Come and Join our community at the events of Vyshyvanka Day.

On Thursday, 18th of May, at 6 pm, the Ukrainian community will have a demonstration to remind the world about Ukrainian prisoners of war and Ukrainians who were deported to russia and are now being illegally kept there.

We gather next to the "I want to live" installation near Mazda Fountain at Valley Gardens

If you want to join us and express your support, we will highly appreciate that and will be glad to see you!

This year Vyshyvanka Day falls on May 18, the Day of Remembrance of the Victims of the Crimean Tatar Genocide, and May 18-20, the anniversary of the withdrawal of Ukrainian defenders from Azovstal.

That’s why the initiative group of organisers urged the Ukrainian communities worldwide to focus on the inner understanding of the value of an embroidered shirt as an integral part of our cultural heritage, which unites Ukrainians through space and time.

As more than 2,000 soldiers from Azovstal and thousands of defenders from other areas of the front are in captivity, they called Ukrainians to hold rallies, manifestos, and marches with attention to the issue of the return of Ukrainian prisoners of war.

But there are those whose fate is much worse than being prisoners of war. There are thousands of civilians in russian prisons just for being Ukrainians. In addition, more than 2 million civilians, including 20 000 children, were deported from Ukraine to russia. Millions are living under occupation as hostages. The tragedy of civilians is that russia does not want to exchange them as they do with military personnel, and there is very little chance for them to return to Ukraine.

There are so many heartbreaking stories of what is happening to all those people in russian captivity and filtration camps.

Like every Ukrainian in the world, the Ukrainian community of Brighton and Hove wants that all prisoners and captives of war returned home safe and sound. And we ask all people of goodwill to support Ukraine in its struggle for peace and its efforts to return home to all those deported and imprisoned.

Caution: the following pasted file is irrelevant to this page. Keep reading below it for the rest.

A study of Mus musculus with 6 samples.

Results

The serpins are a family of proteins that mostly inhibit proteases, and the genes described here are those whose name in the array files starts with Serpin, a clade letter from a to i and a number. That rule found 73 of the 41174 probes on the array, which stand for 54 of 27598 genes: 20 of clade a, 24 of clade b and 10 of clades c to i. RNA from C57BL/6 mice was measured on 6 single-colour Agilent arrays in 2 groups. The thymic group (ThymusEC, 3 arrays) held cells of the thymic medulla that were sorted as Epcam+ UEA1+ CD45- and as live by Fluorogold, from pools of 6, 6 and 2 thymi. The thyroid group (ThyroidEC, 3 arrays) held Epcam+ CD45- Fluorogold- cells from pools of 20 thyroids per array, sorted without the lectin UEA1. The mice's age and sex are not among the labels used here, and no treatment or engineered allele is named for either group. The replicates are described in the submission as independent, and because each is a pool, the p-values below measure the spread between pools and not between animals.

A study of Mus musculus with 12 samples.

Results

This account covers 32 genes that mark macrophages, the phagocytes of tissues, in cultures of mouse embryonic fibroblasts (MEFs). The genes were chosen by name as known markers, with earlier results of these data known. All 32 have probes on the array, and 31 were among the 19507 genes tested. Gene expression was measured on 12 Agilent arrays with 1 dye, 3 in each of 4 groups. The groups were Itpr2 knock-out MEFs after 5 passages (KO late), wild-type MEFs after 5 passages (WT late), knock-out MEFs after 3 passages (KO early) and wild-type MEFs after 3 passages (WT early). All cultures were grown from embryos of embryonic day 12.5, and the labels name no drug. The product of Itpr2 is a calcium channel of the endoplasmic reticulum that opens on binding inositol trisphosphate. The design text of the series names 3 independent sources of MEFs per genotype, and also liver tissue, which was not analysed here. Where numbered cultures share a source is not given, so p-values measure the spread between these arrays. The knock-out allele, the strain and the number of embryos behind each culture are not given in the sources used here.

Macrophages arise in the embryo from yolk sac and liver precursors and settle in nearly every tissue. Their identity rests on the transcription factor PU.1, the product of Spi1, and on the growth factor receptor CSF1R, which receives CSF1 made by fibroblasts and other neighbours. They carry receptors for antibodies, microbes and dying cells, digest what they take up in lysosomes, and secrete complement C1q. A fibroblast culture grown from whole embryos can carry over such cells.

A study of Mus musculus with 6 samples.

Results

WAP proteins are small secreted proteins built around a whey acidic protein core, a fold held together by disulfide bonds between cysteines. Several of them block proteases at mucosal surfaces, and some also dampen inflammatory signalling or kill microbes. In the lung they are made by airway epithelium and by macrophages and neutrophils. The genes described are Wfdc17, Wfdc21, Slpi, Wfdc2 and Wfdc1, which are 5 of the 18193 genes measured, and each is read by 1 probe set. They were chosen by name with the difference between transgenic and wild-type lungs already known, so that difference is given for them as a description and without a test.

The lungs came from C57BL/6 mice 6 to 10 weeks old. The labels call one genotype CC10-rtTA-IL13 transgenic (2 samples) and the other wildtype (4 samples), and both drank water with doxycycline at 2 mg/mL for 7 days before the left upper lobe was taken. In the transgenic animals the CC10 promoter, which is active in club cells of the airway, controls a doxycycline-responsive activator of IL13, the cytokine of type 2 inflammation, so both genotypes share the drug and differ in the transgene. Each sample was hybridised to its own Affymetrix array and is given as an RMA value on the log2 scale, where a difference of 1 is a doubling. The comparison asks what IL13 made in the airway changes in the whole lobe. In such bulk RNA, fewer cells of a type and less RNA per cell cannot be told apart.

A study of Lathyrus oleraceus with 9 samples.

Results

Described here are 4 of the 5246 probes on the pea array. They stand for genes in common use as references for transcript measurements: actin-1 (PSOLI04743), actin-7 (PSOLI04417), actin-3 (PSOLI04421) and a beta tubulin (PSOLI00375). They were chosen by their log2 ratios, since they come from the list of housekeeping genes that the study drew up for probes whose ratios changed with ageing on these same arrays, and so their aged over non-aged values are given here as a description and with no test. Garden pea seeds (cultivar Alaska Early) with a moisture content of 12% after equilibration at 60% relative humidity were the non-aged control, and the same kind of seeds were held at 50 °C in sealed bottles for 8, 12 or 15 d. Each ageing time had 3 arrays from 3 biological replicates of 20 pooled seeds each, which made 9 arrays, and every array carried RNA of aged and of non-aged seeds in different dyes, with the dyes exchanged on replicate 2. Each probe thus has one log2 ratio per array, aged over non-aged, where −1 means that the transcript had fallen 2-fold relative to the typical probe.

On Saturday, 20th of May, we invite you to celebrate Vyshyvanka Day with the community.

What is Vyshyvanka, and why is it so important?

Vysivanka Day celebrates Ukrainian folk traditions of creating and wearing ethnic embroidered clothes called vyshyvankas. It is celebrated every third Thursday of May. Vyshyvankas are one of the best-known symbols of Ukrainian culture.

But why is it so important?

For Ukrainians, Vyshyvanka onse was everyday clothing, but it became a symbol of resistance, resilience and hope. So today, It is more than just a piece of wardrobe. It is the very soul of the Ukrainian nation.

The word "vyshyvanka" itself means "something that is embroidered. In the same way, as the kilt speaks about its Scottish origin, vyshyvanka proudly defines the people of Ukraine and friends of our country.

The history of the Ukrainian nation is harsh. For centuries our national symbols were under attack. The Ukrainian language was limited or prohibited most times for 400 years. And there were times when one could be imprisoned just for wearing a vyshyvanka or having Ukrainian symbols. History was rewritten, and culture was marginalised. So Ukrainian identity began to dissolve.

But what was the point?

Our Identity keeps us strong during challenging times and gives us the sense to fight for freedom. Of course, we want to be free on our land. We want to speak our language and make our own decisions. But who does not want the same?

Unfortunately, that was something that our Russian empire, later the Soviet Union and later Russia, could not stand.

So, they tried to destroy the national identities and mix the nations. Not only Ukrainians were affected by these politics.

The consequences are awful.

Nine years ago, more than half citizens of Ukraine, including myself, spoke Russian as their primary language. And protecting Russian-speaking people was one of the formal reasons for Russia to invade. But, unfortunately, the price we are paying for losing our identity is too high. Hundreds of thousands are dead, millions are left without homes, and the war continues.

Ukraine does not want to pay this price one more time. That’s why we must understand who we are and keep this knowledge for the future.

That’s why vyshyvanka is so important to us – it teaches us to be Ukrainians, speaks about our traditions and diversity, and gives us hope and protection.

It is believed that the vyshyvanka, made by loving hands, is a strong amulet. That’s why many Ukrainians are making vyshyvankas for Ukrainian soldiers.

There were stories when embroidering vyshyvankas kept people sane during the horrors of occupation or the anxiety of evacuation and leaving the family home behind.

There are so many stories about Vishivankas to be told! That is why in 2006, Lesia Voroniuk, a student at Chernivtsi University, suggested that her classmates and students choose one day and wear vyshyvanka shirts altogether. Initially, several dozen students and several faculty members wore embroidered shirts. But in the following years, the holiday grew to an all-Ukrainian level and even more.